Cloth Types: All of our cloths are custom woven to specifications derived from extant historic samples or documentary specifications. Follow the link above for examples of contemporary source fabrics.
Colours: Due to environmental protection and cost issues our cloths are dyed using modern dyes. However, they are accurately matched to original hsitoric colour samples or small patterns dyed using contemporary dye receipts from historic documents. If you would like to discuss specific colour requirements for a particular project please contact us.
Some links to examples of our primary research sources and guidance notes can be seen below.
Materials: Military contracts were tightly controlled with clear definitions of which cloths different garments were to be made. Samples of these have been preserved in various archives and pattern books allowing them to be clearly identified. The attached table summarises which cloths were used for which purposes.
Sizing: Soldier's coats were mass produced, consequently they were produced in numbered sizes. During the NapoleonicWars British Infantry coats were generally produced in 3 Sizes,imaginatively titled No1, No2 & No 3. If circuemstances permitted (if the unit was in garrison in England, for example) they might well be fitted by the Regimental Tailors, otherwise the soldier would wear the coat as it came.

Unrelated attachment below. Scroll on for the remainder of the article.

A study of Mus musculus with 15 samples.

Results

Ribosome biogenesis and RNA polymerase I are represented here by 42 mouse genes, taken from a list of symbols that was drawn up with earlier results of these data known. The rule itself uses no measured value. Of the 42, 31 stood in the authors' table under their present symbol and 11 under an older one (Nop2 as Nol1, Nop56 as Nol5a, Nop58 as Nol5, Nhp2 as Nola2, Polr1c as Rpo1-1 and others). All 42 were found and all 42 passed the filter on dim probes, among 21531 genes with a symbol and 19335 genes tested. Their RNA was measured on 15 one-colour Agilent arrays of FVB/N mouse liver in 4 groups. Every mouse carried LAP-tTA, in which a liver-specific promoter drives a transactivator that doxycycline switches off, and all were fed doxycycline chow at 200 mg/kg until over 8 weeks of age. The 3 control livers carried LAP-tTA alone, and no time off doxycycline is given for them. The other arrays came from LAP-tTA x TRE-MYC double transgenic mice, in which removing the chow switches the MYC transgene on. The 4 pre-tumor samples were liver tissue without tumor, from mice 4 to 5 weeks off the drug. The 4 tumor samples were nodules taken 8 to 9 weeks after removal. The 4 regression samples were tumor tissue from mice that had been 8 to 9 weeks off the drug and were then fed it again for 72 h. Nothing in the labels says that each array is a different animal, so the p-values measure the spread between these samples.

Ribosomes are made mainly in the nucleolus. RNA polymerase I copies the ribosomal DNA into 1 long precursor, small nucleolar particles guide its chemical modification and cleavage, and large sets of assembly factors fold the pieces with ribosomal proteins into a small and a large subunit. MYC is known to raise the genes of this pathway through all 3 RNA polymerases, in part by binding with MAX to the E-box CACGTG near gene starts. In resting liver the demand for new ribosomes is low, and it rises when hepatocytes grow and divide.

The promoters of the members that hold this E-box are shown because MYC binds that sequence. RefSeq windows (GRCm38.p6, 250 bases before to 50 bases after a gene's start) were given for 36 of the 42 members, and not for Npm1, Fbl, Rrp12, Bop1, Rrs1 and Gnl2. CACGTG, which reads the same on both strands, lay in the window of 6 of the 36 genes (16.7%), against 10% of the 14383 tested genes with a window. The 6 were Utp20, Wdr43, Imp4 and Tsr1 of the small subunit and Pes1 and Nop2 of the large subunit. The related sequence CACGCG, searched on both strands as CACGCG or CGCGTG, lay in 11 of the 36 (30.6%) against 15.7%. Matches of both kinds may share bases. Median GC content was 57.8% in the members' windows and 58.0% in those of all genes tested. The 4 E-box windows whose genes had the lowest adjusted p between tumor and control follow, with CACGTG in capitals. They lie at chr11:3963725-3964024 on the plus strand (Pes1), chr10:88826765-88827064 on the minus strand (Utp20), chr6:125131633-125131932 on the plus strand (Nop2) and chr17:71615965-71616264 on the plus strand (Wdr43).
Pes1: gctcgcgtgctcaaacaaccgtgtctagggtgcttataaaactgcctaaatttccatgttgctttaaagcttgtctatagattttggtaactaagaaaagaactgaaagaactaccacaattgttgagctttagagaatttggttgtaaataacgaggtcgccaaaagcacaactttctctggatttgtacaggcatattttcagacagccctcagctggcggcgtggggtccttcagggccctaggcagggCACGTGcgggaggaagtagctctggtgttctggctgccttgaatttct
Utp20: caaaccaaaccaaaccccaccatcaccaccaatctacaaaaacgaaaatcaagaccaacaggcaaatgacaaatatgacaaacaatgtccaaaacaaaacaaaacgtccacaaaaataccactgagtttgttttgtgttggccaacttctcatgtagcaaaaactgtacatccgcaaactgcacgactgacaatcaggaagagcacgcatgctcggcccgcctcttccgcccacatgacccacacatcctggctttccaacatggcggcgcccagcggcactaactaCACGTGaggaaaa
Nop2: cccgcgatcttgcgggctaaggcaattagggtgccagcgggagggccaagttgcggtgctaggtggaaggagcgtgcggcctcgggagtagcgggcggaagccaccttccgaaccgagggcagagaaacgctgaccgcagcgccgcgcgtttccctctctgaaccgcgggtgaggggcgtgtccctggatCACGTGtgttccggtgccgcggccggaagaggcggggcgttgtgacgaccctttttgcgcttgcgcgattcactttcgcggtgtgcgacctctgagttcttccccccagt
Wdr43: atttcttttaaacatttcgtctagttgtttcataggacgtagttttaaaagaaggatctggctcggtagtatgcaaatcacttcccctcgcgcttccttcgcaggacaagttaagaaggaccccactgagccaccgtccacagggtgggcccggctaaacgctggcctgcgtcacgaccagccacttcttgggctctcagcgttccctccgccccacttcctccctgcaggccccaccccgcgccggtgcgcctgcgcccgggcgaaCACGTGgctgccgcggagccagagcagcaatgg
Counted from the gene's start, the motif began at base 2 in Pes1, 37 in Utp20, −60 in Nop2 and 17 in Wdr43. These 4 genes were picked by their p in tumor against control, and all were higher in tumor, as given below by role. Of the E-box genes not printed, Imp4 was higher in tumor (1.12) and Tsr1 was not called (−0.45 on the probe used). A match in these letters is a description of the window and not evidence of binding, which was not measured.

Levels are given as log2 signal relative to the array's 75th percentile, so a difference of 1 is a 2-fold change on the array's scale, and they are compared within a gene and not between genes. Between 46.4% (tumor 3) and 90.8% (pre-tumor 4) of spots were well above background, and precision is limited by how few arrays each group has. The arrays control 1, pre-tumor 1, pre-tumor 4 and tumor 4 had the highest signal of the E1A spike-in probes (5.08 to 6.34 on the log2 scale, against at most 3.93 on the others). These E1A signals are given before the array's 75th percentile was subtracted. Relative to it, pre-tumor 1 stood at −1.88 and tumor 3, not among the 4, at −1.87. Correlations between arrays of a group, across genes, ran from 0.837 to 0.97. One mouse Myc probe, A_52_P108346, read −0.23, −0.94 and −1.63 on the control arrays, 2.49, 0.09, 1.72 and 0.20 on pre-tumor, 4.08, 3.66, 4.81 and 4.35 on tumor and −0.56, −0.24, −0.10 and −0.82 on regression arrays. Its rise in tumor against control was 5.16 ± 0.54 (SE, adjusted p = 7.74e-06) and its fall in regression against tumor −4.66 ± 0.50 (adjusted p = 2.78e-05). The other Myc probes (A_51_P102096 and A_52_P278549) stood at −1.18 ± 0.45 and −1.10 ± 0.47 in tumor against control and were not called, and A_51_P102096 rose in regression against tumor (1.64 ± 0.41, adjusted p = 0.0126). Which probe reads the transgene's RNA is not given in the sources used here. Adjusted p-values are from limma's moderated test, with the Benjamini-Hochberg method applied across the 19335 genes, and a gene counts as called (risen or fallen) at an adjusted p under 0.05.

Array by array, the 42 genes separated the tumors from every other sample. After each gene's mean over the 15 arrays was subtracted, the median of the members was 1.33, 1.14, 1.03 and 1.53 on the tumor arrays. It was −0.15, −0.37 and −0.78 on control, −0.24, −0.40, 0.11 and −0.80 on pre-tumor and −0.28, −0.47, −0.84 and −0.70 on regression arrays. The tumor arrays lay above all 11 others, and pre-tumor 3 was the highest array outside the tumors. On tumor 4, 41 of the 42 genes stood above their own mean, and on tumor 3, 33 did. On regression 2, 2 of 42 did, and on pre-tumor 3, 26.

Materials: There were no detailed regulations for Officer's clothing prior to the middle of the 19th C, consequently there was more leeway in the materials used. However, contemporary tailors knew the most suitable materials for various applications and details of each Regiment's coats were held by the Adjutant, so although there might be some alternatives available (Cassimere instead of Superfine for turnbacks, for example) in practice any changes would be minimal. For more information on specific Regiments please contact us.
Sizing: Officer's coats were 'bespoke', that is, made for the individual (and contimued to be so for British Officers until the end of 2009) by his tailor. There was no pattern as such; the Officer's measurements would be taken and the pattern drafted straight onto the cloth using whichever system for calculating the proportions the tailor chose to use.